Google has a knack for naming Android OS alphabetically after desserts. Last year, it was Pie, meaning this time it will be something starting from Q. While nobody knows what Google has in mind, the top contenders this year are real tongue twisters like Quiche,
Quindim, Quaker Oats, Qottab, Qurabiya, Queen of Puddings, Quesito, and Quirks.

Features: System-wide Dark Mode

The first developer preview of Android Q is yet to be released, but XDA Developers have already tested an early build of the OS.

In the independent analysis, they spotted a ton of new features, including a system-wide dark mode for reducing the strain on your eyes and saving battery.

The Dark Mode, when activated from settings, will apply to all screens, even apps.

Face-ID like facial recognition system

Along with dark mode, Android Q may also have a Face ID-like facial recognition system.

The feature was not available for use, but the XDA Developers did witness various signs in the leaked build's code confirming that Google is indeed working on bringing native support for secure facial recognition.

Presumably, the feature will show up in the final release.

Enhanced privacy controls, permission settings

Android Q will also simplify permission settings, giving users a better, clearer idea of which app is using what hardware of your phone (like a microphone or camera).

The revamped settings, as per the leaked build, will be accessible through a dedicated 'Privacy' option and will let you tweak certain permissions like location access to only when you're using a particular app.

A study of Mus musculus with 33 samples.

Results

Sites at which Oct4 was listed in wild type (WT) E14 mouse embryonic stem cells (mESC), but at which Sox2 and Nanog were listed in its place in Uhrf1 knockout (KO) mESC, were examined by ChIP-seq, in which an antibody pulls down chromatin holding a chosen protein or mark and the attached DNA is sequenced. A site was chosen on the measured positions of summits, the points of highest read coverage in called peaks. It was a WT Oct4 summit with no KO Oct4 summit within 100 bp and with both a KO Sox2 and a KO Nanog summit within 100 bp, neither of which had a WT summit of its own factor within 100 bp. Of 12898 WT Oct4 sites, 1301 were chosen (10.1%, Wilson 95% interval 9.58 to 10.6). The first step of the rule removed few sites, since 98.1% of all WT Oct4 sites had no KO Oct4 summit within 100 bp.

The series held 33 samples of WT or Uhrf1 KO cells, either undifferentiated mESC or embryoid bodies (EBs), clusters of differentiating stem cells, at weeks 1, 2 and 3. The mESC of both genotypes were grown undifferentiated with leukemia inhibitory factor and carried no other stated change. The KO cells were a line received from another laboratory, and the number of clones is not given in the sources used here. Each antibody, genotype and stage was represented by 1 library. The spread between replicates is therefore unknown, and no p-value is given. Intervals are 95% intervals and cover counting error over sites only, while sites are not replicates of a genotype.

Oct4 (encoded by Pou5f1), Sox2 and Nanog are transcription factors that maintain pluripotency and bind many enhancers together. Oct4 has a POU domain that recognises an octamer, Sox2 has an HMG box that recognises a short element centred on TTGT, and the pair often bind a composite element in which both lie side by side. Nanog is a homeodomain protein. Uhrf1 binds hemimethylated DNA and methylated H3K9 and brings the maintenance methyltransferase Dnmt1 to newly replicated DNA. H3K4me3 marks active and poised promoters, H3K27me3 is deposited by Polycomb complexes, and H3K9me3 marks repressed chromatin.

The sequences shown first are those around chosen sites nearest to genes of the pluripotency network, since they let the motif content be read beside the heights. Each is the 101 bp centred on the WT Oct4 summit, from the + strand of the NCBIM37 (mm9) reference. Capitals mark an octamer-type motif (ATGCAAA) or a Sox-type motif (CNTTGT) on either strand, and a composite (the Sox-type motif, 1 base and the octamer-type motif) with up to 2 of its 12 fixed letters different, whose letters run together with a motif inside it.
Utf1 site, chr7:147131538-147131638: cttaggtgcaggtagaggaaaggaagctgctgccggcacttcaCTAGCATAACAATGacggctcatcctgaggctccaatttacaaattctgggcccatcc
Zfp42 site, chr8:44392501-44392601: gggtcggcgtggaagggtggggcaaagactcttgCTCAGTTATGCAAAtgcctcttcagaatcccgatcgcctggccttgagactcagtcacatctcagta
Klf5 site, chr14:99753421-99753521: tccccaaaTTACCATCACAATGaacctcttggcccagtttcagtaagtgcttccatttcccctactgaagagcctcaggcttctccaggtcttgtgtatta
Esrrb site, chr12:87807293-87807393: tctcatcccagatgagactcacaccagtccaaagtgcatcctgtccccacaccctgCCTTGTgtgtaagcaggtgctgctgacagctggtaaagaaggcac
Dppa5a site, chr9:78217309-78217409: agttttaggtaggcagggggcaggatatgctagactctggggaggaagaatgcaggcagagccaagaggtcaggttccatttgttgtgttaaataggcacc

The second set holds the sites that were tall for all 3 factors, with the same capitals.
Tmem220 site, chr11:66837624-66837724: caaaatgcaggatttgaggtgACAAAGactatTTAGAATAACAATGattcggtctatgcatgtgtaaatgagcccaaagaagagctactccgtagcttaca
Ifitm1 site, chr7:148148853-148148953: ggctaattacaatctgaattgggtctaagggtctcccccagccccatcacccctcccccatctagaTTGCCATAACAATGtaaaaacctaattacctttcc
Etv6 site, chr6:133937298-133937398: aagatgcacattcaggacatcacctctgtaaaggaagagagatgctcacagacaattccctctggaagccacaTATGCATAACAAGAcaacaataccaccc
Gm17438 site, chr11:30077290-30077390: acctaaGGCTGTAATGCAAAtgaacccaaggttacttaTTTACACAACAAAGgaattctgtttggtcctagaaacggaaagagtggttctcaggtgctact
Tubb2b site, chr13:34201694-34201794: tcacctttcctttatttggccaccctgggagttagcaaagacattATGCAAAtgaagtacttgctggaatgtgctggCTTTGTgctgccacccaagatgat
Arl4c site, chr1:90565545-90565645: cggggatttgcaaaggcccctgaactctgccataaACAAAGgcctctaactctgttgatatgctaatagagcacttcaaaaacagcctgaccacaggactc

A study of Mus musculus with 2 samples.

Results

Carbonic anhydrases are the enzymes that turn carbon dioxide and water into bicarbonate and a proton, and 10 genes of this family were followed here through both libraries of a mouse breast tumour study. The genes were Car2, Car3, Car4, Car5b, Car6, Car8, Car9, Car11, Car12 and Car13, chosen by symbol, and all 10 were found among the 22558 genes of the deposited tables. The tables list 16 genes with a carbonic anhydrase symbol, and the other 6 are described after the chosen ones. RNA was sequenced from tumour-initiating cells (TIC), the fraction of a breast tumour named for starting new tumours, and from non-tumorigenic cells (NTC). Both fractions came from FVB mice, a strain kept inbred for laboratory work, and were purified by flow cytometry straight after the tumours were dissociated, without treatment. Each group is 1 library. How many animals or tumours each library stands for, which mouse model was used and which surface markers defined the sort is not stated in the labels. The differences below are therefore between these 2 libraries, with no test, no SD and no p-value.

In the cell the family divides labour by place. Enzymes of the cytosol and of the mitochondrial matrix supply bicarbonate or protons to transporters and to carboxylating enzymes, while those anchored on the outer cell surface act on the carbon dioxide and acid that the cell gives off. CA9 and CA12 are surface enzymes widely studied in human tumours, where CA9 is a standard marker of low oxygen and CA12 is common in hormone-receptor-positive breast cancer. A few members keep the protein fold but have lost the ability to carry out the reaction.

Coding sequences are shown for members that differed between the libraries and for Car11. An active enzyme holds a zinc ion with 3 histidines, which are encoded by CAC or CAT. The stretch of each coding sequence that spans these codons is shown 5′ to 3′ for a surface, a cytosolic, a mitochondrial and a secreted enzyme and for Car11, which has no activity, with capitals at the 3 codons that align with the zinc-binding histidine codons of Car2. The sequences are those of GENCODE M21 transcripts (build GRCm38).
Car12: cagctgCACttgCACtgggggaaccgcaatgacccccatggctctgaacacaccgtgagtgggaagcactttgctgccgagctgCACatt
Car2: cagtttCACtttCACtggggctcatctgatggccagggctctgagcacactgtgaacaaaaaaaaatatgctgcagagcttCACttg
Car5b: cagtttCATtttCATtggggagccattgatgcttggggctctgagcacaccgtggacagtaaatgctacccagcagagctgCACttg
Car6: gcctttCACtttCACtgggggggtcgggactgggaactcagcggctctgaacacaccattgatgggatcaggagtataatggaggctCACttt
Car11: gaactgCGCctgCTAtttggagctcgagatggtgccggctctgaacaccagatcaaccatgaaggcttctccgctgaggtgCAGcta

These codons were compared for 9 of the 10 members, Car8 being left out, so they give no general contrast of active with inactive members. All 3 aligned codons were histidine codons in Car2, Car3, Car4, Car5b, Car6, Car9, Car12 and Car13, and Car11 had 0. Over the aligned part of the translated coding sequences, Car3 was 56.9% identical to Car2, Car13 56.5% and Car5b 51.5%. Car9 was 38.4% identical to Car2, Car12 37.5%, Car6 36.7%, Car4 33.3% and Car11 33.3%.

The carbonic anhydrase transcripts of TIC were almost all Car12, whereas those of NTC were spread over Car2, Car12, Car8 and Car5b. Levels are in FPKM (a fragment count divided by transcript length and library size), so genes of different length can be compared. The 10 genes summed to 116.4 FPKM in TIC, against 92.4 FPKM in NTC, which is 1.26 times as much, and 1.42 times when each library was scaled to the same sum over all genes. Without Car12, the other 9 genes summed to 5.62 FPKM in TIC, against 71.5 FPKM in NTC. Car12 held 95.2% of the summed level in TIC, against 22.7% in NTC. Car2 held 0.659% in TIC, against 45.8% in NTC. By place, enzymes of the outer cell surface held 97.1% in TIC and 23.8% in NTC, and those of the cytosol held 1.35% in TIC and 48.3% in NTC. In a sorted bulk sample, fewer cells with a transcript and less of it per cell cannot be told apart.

Reverse app updates

Further, the code of the leaked Android Q build hinted that users may also get an option to reverse app updates.

Google has been allowing users to uninstall updates for system apps, but roll-back for third-party apps could mean a healthy new way to stay away from updates capable of breaking apps or destroying fancy features.

It could be a major improvement for users.

Screen recorder, desktop mode

In the developer options of the leaked build, there were two new features - 'force desktop mode' and 'screen recorder'.

The desktop mode didn't actually work, but going by that name, it is expected to deliver a desktop-like experience with full-sized apps (like Samsung DeX) on a secondary display.

Meanwhile, the built-in screen recorder did work, but its interface appeared broken.

Android Q will also block clipboard content access

Currently, all the content on the clipboard can be read by apps running in the background.

This is a major privacy threat, which Google could be fixing with Android Q.

Essentially, the company is working on permission which would specifically block clipboard reads by apps running in the background and improve the security of the user.

When Android Q will release?

Going by Google's previous release timelines, we expect the first developer preview of Android Q to show up sometime in March.

The next developer version and more details about the OS might be given at the Google I/O developer conference in May, while the final build could be pushed sometime around August or September.